The Washington PostDemocracy Dies in Darkness

Opinion Has Putin’s brutality finally hit a wall in Ukraine?

A satellite image reveals bodies of Ukrainians lying in a street in Bucha, Ukraine, on March 19. (Maxar Technologies/AFP/Getty Images)
5 min

Vladimir Putin learned his brutal code of war in the “sandpit streets” of Leningrad when he was a poor boy of perhaps 7 and got into his first fight with a neighborhood gang.

“I realized that in every situation — whether I was right or wrong — I had to be strong,” Putin told biographer Oleg Blotsky. “I just understood that if you want to win, then you have to fight to the finish in every fight, as if it was the last and decisive battle.” Blotsky’s work was cited by Fiona Hill and Clifford Gaddy in their biography, “Mr. Putin.”

The Russian army left gruesome evidence in the streets of Bucha, Ukraine, of how Putin’s tough-guy code applies in combat. The professional soldier becomes a street thug, with the same fight-to-the-finish mentality that Putin learned as a boy.

Putin’s whole life has converged on the catastrophic war in Ukraine. His delusional, messianic ideas of Russian history have fused with the disdain for the laws of war he displayed in the bloody campaign in Chechnya about two decades ago. The Russian leader fabricated the case for war in Ukraine and lied about his plans, and when he failed to achieve the easy victory he had expected, his army appears to have taken savage revenge on civilians.

Has Putin finally hit a wall in Ukraine? Thanks to courageous Ukrainians and foreign reporters, we are seeing the butchery that his style of war produces — in Bucha, Mariupol, Kharkiv, Trostianets — places most of us had never heard of a few weeks ago but are now written in infamy, alongside Guernica and Srebrenica. “Unbearable” was how French President Emmanuel Macron described the latest images. “A punch to the gut,” said Secretary of State Antony Blinken. Putin “is a war criminal,” said President Biden.

The legal process for holding Putin and his army accountable has begun. The International Criminal Court launched an investigation in early March; Poland has called for an international investigative commission; French prosecutors have opened three investigations of war crimes against French citizens; and the Ukrainian prosecutor general’s office has mobilized about 50,000 investigators to gather evidence of atrocities. Some of these investigations will proceed however the war is settled.

Russia’s response to the horrifying images has been in character for Putin’s regime: a shameless campaign of lies. The denials of brutal killing are so cavalier and reflexive that they convey a moral emptiness that should embarrass every honest Russian.

“All those died in Bucha were some kind of road traffic offenders,” asserted Russian member of parliament Oleg Matveichev. Bucha was “a flagrantly brutal provocation by Ukrainian Nazis,” said Russian state TV’s Olga Skabeyeva. The West chose Bucha for their “egregious accusation against Russia” because the town’s name sounds like the English word for “butcher,” claimed talk show host Olesya Loseva.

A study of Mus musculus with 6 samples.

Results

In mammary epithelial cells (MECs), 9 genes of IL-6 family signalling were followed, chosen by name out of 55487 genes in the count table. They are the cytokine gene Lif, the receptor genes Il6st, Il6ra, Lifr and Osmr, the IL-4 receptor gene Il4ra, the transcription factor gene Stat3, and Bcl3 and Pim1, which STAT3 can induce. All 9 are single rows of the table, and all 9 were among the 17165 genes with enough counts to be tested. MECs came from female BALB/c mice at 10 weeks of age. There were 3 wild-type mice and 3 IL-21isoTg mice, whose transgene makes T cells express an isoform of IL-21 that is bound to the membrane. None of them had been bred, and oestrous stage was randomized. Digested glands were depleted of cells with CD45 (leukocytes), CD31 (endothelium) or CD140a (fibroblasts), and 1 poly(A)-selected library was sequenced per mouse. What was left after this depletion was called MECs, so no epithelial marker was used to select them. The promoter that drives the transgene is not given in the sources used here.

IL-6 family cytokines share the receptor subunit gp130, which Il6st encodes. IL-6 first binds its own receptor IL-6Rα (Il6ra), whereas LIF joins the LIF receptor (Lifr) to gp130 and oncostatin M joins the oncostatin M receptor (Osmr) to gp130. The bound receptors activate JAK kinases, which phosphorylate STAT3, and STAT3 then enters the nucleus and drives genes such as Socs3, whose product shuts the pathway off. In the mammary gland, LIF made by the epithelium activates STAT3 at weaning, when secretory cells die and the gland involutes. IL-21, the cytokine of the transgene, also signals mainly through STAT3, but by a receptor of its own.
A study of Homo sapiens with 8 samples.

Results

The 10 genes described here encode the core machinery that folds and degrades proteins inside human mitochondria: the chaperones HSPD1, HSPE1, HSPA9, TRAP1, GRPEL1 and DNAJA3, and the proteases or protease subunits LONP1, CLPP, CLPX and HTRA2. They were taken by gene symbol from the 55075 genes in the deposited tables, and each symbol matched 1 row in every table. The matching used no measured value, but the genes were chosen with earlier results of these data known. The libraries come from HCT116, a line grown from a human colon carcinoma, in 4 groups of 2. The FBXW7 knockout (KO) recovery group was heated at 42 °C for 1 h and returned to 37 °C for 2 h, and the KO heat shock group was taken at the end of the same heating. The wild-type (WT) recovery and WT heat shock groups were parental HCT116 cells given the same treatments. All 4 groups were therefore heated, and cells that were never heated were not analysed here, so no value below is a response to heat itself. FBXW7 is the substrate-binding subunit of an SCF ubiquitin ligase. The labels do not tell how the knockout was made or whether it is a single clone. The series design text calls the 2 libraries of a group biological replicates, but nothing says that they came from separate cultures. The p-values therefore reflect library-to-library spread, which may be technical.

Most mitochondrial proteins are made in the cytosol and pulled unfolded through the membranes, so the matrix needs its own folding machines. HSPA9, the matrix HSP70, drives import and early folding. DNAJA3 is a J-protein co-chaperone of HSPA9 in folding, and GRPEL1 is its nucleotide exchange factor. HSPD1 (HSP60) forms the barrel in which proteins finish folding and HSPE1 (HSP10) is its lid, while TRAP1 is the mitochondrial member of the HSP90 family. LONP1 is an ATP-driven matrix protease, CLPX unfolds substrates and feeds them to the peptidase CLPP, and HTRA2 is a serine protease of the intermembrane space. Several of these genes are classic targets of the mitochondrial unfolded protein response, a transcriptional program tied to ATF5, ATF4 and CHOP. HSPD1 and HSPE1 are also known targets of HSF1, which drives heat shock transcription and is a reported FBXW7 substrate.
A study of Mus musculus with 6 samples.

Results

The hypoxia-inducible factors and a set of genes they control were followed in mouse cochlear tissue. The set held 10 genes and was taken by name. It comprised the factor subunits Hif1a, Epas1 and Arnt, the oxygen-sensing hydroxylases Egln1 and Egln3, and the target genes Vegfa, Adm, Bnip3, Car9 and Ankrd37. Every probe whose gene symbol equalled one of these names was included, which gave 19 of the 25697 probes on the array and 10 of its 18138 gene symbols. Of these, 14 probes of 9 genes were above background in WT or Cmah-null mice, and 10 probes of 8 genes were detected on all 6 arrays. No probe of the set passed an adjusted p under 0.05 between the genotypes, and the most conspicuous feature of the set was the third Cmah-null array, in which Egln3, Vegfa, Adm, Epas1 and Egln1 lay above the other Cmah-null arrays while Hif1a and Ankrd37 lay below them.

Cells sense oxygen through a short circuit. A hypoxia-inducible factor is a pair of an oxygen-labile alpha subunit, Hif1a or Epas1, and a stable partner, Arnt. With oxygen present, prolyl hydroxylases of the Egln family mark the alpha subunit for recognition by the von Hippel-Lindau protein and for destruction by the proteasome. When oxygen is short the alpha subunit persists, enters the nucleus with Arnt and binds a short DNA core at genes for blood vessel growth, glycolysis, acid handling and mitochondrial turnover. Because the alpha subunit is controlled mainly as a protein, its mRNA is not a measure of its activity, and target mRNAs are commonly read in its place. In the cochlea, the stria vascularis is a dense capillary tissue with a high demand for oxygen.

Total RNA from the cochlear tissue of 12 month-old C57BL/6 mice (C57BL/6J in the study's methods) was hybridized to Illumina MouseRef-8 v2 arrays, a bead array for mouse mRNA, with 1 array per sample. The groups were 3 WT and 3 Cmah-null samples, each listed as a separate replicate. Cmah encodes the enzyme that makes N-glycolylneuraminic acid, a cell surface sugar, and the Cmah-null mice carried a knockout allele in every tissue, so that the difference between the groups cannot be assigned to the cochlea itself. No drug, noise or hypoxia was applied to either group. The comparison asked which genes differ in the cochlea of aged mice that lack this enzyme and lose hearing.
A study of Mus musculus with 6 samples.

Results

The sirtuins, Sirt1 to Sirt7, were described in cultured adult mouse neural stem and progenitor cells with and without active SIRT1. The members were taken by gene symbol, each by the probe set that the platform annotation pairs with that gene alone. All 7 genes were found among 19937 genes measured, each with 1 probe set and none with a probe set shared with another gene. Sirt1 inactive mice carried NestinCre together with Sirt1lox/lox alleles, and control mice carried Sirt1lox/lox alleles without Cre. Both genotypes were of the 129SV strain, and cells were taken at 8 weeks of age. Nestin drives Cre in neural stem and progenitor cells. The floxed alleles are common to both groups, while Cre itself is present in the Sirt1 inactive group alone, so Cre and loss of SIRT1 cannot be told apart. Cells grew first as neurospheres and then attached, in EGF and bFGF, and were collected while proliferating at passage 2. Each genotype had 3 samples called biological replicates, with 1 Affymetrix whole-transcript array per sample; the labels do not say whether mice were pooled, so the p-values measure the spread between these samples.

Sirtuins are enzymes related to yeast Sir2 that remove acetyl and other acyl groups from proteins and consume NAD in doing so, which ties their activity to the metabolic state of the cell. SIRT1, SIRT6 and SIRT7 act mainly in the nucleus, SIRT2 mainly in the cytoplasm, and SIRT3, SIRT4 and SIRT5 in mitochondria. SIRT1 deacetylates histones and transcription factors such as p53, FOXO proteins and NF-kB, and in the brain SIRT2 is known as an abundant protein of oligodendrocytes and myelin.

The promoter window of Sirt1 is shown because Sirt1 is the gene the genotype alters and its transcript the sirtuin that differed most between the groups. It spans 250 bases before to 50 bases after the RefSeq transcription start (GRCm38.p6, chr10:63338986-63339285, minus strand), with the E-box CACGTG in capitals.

But the truth of these horrors is being confirmed, pixel by pixel. It’s a sweet bit of justice that Western social media, which Putin worked so hard to manipulate, are now dissecting Russia’s denials of responsibility for Bucha and other atrocities.

A systematic rebuttal began Monday with a post from Eliot Higgins, founder of the British investigative website Bellingcat. He examined Russian claims that images from Bucha showed “signs of video fakes and other forgeries.” Higgins showed that a supposed “moving hand” of a corpse filmed from a car was probably a water droplet moving across the windshield. Similarly, he clarified why Russian claims about a moving corpse supposedly reflected in a car mirror are explained by the mirror’s distortion.

And most devastating for Moscow: Commercial satellite imagery taken in mid-March by Maxar Technologies show dead bodies on the streets of Bucha while Russian troops occupied the town; they’re in precisely the same places that journalists found them when they arrived last weekend after Russian troops had left. That debunks Russian claims that the Bucha evidence might be fabricated because it wasn’t discovered until after Russian troops had departed.

What has this war meant for the Russian soldiers who followed Putin’s orders to invade their neighbor? A haunting snapshot of one elite unit, the 331st Guards Parachute Regiment, was broadcast recently by the BBC’s Mark Urban. This unit — “the best of the best,” a general boasted in a video posted online last May — was sent toward Kyiv from its home base in Kostroma, northeast of Moscow, in February.

The unit’s commander was killed during fighting in Ukraine on March 13. Many other officers and senior enlisted men died before the unit was withdrawn last week to Belarus. The BBC identified 39 dead, and residents of Kostroma told the British network that closer to 100 members of the elite unit were killed. The BBC reported that as many as one-third of the 1,500-member force may be dead, wounded, missing or taken prisoner.

On a social media memorial wall for Sgt. Sergei Duganov, a Russian woman wrote: “The 331st regiment is disappearing. Almost every day, photos of our Kostroma boys get published. It sends shivers down my spine. What’s happening? When will this end? When will people stop dying?”

When will Putin’s brutal carnage end? That demand is growing louder in Russia, Ukraine and around the world.